LA JOLLA, CA – The low sales of Hyundai’s new Ioniq green-car lineup gives a false impression of the model’s strength, say Hyundai U.S. officials.
The car tallied 4,881 deliveries through June, WardsAuto data shows.
But that meager volume is a result of not enough inventory to meet demand, says Mike O’Brien, vice president-product, corporate and digital planning for Hyundai Motor America.
“Our biggest problem with Ioniq is we don’t have enough of them,” he tells WardsAuto in an interview here. “I think our only problem right now is insufficient supply.”
He says the inventory gap is most acute with the Ioniq electric model, which is “sold out” because Hyundai didn’t “forecast robustly enough.” Dealer inventory searches on Cars.com within 200 miles (322 km) of Los Angeles and San Francisco confirms this assertion, showing zero units available.
The Ioniq EV, sold only in California, began arriving at dealers in April, two months after the 50-state hybrid’s debut. Some 94 of the 4,881 Ioniqs sold this year are EVs. A plug-in hybrid variant of the Ioniq goes on sale this fall.
“We need more (Ioniq EVs),” O’Brien says. “And frankly…we could increase our volume of Ioniq Hybrid quite a bit more – we’re lacking in supply for those.”
Hyundai Ioniq U.S. inventory in late June stood at an estimated 46 days’ supply, well below the average days’ supply for cars last month of 75.
A 46-day supply is an improvement, however, from May’s 37 days, although a bit below April’s 51 days’ supply.
A low days’ supply doesn’t always equate to low sales, however. The Toyota RAV4 Hybrid, the third-best-selling hybrid in the U.S. so far this year, tallied 20,770 units in the first half of 2017 with a days’ supply below the industry average for light trucks in most months this year.
The Niro hybrid CUV from Hyundai’s sister-brand Kia, which rides on the same platform as the Ioniq, tallied 12,767 sales through June, also with a below-industry-average days’ supply in recent months.
It is unclear what the U.S. allocation is for the Ioniq, as Hyundai has been mum on its U.S. sales target for the car. The model is assembled for global markets at Hyundai’s Ulsan, South Korea, plant.
Korean media reported last month Hyundai will raise Ioniq EV monthly output at Ulsan, from 1,200 to 1,800 and with half of the units bound for markets outside Korea.
O’Brien is keen to note the Toyota Prius is the top trade-in for the Ioniq. While this isn’t a huge surprise, given the Prius has been the No.1-selling hybrid in the U.S. for years, he thinks it indicates waning loyalty for Toyota’s best-known green car.
“That says a lot. Four generations (of Prius), very happy, very satisfied customers that are repeat Prius buyers and our No.1 inflow is Prius,” he says.
Since the U.S. debut of the fourth-generation Prius in January 2016, sales of the car have been down nearly every month since, sounding alarm bells in the industry that the model’s best days may be behind it. Prius sales through June, which include the liftback, V wagon and Prime PHEV totaled 48,050, 13.9% below like-2016’s total.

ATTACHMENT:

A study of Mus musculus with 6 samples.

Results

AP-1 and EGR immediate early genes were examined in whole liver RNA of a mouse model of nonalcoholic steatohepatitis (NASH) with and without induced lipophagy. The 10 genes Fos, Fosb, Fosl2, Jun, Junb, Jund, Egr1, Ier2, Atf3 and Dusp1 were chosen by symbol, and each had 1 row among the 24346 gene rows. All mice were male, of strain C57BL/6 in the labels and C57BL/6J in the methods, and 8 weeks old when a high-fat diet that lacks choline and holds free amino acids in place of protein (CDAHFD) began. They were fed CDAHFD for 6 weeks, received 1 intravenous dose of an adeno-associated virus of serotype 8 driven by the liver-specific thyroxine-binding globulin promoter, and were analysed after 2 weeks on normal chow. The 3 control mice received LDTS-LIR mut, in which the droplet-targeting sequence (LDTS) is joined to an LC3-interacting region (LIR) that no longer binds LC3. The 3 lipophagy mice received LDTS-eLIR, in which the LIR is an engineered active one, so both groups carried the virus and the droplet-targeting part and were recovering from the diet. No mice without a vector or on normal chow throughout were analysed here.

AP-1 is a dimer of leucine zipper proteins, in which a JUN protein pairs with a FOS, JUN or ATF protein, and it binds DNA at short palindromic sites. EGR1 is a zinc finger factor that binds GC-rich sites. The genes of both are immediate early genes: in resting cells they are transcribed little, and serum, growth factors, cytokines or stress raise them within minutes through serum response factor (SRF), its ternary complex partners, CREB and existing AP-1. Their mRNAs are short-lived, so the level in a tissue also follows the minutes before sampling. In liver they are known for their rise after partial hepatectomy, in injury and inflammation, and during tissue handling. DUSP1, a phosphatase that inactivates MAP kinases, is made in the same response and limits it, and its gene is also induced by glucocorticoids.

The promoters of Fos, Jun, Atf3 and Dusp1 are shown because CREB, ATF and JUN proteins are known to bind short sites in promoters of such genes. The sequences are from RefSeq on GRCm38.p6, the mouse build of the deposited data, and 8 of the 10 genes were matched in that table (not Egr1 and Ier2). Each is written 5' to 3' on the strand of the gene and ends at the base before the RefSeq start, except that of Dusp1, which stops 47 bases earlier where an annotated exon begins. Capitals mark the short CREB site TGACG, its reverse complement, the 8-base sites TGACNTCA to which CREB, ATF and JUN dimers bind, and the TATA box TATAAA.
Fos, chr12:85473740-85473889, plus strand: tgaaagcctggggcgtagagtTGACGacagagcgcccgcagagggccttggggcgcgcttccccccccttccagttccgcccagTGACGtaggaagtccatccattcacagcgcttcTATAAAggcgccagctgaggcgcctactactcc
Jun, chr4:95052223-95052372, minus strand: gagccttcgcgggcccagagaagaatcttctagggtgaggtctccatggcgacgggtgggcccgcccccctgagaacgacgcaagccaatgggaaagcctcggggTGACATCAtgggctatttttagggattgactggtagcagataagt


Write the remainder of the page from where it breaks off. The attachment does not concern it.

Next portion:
The Prius’ aggressive styling has been cited as a possible reason for its decline, and O’Brien thinks Hyundai has a design advantage, calling the Ioniq “not way out there” but “futuristic in its own way.”
However, he believes the Ioniq’s specifications are the key motivating sales factors.
The Ioniq hybrid is rated at 58 mpg (4.1 L/100 km) combined in its Blue base model and 55 mpg (4.3 L/100 km) in the SEL and Limited upper grades, above the Prius Eco grade’s 56 mpg (4.2 L/100 km) combined and the other Prius grades’ 52 mpg (4.5 L/100 km).
“I think the numbers are one of the biggest things that has helped us out,” he says. “It has caused people to take notice.”
Hyundai at launch undercut the Prius on MSRP, but the latter now has incentives that have brought pricing of the two closer together. The Ioniq also has incentives in most major U.S. metros, Edmunds.com shows. In Los Angeles, prospective buyers can get from $400 to $2,000 cash back, or 0% financing for up to 60 months.
The No.2 and No.3 most-traded-in models for the Ioniq are Hyundai’s own Sonata midsize and Elantra compact cars, which O’Brien views as a win despite the cannibalization.
“In the end, where would these buyers have gone before? Maybe they would have bought a Prius? We know any time you keep make loyalty up, that’s in the net good.”
Meanwhile, O’Brien hints Hyundai will sell a battery-electric version of the new Kona subcompact CUV in the U.S. The model is due in Korea next year, with a reported 217-mile (349-km) range.
“We are going to be very competitive in the electric-vehicle space, I will tell you that, both in body type and electric-vehicle deployments. So we plan on being where the volume is going to be.”
CUVs are where the volume is this year in the U.S. CUV is the No.1 segment with 2.8 million sales through June, well above the next highest segment, Small Car, which tallied 1.3 million sales in the year’s first half.
However, O’Brien believes sales of EVs won’t take off until there is sufficient public charging available, especially when considering the need to recharge 200-mile-range batteries.
“Everybody has taken the position that everybody has a wall socket in their house, but obviously for a BEV that can take more than a day for many vehicles, sometimes two or three days. So it’s not a practical solution.”
Commercial buildings with 3-phase electric power, such as grocery stores, can install fast-charging stations with relatively minimal cost, he says.